Thursday, April 18, 2019
April 18, 2019: Patriots’ Day Texts: “The Land of the Free”
[Only a couple New England states celebrate Patriots’ Day, which officially pays tribute to the colonial Minutemen who helped begin the American Revolution at Lexington and Concord. But the holiday offers a chance to think about patriotism in America more broadly, which I’ll do this week, starting with my annual Patriots’ Day post, continuing through a series on critically patriotic texts, and leading up to an update on my new AmericanStudying book!]
On two critically patriotic texts that together produce one of our best recent cultural works.
Despite their being one of my favorite 21st century bands, it seems that I’ve only written about The Killers in one paragraph of one post in this blog’s first 8.5 years. And that paragraph itself reveals the main reason why they haven’t shown up much here: not only has their music not generally engaged in the kinds of social or political commentary that typically lands musicians on the “pages” of AmericanStudies; but indeed they’ve offered critiques of those artists who do provide such commentary, at least in front man Brandon Flowers’ October 2006 criticisms of Green Day’s American Idiot album and tour that I referenced in that prior post. Of course no musical artist (or artist period) is required to do or feature any particular thing in their work; but unsurprisingly, many of my favorite artists (in all media) do include such social threads and themes more consistently in their works, so I can’t say I haven’t hoped that The Killers might not do so (and haven’t perhaps at times tried to read contemporary social issues into songs like 2012’s “Battle Born” that don’t necessarily entirely bear out such readings).
Well, in January of this year I got my wish, and indeed got way more than I could have predicted or imagined. That’s when The Killers released “Land of the Free,” their new single and a song that offers one of the most overt and compelling critically patriotic takes on American identity I’ve encountered in pop culture in a long while. “Land” shares much more than most of a title with one of my favorite American short stories, Sui Sin Far’s “In the Land of the Free (1912)”: like that story, the song opens with idyllic images of immigration and the American Dream, and then moves into a series of increasingly biting, critical depictions of the gaps between such national ideals and the lived realities and experiences for far too many Americans (if not indeed us all). The song features a number of such social issues, from racism, police profiling, and mass incarceration to mass shootings and gun violence. But its final verse returns to those opening themes of immigration for perhaps the most ironic engagement with the title phrase and ideal: “Down at the border, they’re gonna put up a wall/Concrete and Rebar steel beams/High enough to keep all those filthy hands off/Of our hopes and our dreams/People who just want the same things we do/In the land of the free.”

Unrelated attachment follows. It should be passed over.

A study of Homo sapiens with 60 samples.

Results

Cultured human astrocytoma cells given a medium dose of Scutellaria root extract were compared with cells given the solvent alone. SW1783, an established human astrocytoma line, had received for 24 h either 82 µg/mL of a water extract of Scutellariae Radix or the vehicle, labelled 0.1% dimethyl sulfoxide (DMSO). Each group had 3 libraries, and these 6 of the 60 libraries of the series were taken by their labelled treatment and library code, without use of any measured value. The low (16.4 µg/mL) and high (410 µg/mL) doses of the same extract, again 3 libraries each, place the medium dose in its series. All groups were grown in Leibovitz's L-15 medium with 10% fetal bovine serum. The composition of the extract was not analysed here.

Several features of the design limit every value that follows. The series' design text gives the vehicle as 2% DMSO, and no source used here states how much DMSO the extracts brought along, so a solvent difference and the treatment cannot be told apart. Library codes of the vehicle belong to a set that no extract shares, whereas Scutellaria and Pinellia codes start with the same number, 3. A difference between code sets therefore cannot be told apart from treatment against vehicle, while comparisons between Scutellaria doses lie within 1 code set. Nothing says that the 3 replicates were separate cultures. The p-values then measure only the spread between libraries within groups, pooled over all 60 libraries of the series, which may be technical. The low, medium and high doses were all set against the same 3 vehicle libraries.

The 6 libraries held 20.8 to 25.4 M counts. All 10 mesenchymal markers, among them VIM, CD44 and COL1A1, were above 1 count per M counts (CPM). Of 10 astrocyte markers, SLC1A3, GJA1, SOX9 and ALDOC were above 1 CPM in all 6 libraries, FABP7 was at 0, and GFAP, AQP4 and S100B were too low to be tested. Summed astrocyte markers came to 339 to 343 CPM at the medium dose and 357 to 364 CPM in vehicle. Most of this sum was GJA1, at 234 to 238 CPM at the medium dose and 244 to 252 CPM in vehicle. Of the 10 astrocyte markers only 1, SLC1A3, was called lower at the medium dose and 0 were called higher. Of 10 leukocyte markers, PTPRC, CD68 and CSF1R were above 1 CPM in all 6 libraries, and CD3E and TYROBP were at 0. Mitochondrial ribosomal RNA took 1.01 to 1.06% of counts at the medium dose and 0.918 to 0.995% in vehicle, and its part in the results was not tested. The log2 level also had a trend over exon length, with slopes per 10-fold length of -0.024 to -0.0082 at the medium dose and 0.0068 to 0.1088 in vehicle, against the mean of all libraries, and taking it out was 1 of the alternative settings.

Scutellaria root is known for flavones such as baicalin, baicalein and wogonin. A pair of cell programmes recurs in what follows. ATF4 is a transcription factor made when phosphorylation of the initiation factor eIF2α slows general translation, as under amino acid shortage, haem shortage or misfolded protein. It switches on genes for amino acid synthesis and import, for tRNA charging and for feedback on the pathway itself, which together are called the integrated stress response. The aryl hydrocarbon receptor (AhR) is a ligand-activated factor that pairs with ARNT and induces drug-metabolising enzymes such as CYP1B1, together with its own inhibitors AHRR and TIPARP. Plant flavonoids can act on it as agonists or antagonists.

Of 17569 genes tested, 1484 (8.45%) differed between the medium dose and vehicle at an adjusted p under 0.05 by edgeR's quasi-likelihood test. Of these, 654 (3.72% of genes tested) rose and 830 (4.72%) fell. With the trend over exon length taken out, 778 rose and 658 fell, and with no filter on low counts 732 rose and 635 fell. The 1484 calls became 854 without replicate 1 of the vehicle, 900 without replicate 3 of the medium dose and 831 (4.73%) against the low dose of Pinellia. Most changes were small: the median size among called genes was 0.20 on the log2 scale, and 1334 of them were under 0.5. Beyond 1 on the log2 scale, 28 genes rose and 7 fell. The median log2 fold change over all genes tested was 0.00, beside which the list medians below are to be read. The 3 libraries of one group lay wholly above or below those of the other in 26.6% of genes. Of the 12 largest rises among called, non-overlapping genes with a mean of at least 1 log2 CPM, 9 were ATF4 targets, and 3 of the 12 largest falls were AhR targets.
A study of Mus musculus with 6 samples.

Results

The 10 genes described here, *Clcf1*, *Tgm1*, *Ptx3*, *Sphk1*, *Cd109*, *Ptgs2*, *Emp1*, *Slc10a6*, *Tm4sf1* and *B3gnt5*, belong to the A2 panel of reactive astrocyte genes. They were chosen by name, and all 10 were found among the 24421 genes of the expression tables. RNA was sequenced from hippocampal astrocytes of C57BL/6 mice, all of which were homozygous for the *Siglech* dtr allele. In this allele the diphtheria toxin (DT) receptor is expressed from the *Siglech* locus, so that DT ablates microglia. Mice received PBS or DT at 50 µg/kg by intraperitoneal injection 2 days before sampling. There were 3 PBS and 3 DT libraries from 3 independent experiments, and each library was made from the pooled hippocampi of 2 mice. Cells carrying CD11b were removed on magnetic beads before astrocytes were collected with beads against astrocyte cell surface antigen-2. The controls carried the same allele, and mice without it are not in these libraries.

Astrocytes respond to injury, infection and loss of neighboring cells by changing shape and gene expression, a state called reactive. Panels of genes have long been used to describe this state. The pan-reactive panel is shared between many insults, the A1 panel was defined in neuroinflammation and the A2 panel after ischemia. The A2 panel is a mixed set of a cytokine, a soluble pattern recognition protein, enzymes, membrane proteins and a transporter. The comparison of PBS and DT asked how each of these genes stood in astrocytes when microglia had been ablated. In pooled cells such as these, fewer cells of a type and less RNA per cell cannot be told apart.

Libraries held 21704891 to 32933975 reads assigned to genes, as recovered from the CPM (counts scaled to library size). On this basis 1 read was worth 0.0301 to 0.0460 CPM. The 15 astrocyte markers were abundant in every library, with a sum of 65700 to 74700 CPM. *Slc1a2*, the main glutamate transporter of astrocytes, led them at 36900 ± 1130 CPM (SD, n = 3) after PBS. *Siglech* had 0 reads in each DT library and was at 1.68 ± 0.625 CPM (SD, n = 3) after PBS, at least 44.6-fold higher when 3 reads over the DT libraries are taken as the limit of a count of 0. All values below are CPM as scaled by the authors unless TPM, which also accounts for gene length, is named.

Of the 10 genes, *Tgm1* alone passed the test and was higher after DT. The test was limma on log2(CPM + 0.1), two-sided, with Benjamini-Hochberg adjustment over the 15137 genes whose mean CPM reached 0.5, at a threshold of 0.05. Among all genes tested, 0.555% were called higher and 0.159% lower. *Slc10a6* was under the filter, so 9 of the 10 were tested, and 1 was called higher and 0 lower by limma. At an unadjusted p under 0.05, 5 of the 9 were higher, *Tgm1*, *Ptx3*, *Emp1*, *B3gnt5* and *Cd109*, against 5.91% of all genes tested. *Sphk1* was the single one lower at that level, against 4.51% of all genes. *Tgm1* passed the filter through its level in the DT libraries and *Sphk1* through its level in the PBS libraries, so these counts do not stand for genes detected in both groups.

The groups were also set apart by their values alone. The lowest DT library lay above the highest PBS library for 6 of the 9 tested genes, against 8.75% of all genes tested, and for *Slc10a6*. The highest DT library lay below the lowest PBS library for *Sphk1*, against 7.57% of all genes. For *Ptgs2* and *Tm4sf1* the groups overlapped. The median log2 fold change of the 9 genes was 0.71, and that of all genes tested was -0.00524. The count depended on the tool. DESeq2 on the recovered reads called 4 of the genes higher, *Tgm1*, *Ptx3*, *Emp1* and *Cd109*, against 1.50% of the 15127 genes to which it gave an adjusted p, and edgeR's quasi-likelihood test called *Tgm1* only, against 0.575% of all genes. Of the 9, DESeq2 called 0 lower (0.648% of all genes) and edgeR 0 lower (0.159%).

Such moments and lyrics would be more than enough to land “Land of the Free” in this week’s series, and on the short list of my favorite recent songs and works. But there’s a whole additional layer, one provided by filmmaker Spike Lee (!)’s stunning music video (really a short film unto itself in many ways). From what I can tell, Lee and his crew spent quite a bit of time with one or more of the migrant “caravans” that have received such over-the-top political and media attention over the last year, and the result is a short film that offers both profoundly humanizing depictions of those would-be asylum seekers and powerfully frustrating portrayals of the resistance and tear gas with which they have been met at the US-Mexico border. That film certainly embodies the song’s final verse, capturing both its critique of current policies and its patriotic recognition that these potential immigrants embody our national identity and ideals. But it’s also, again, a cultural work in its own right, and a striking addition to the career and oeuvre of one of our most consistently thoughtful, complicated, and critically patriotic filmmakers and artists.
Patriotic series continues tomorrow,
PS. What do you think? Other patriotic texts you’d highlight?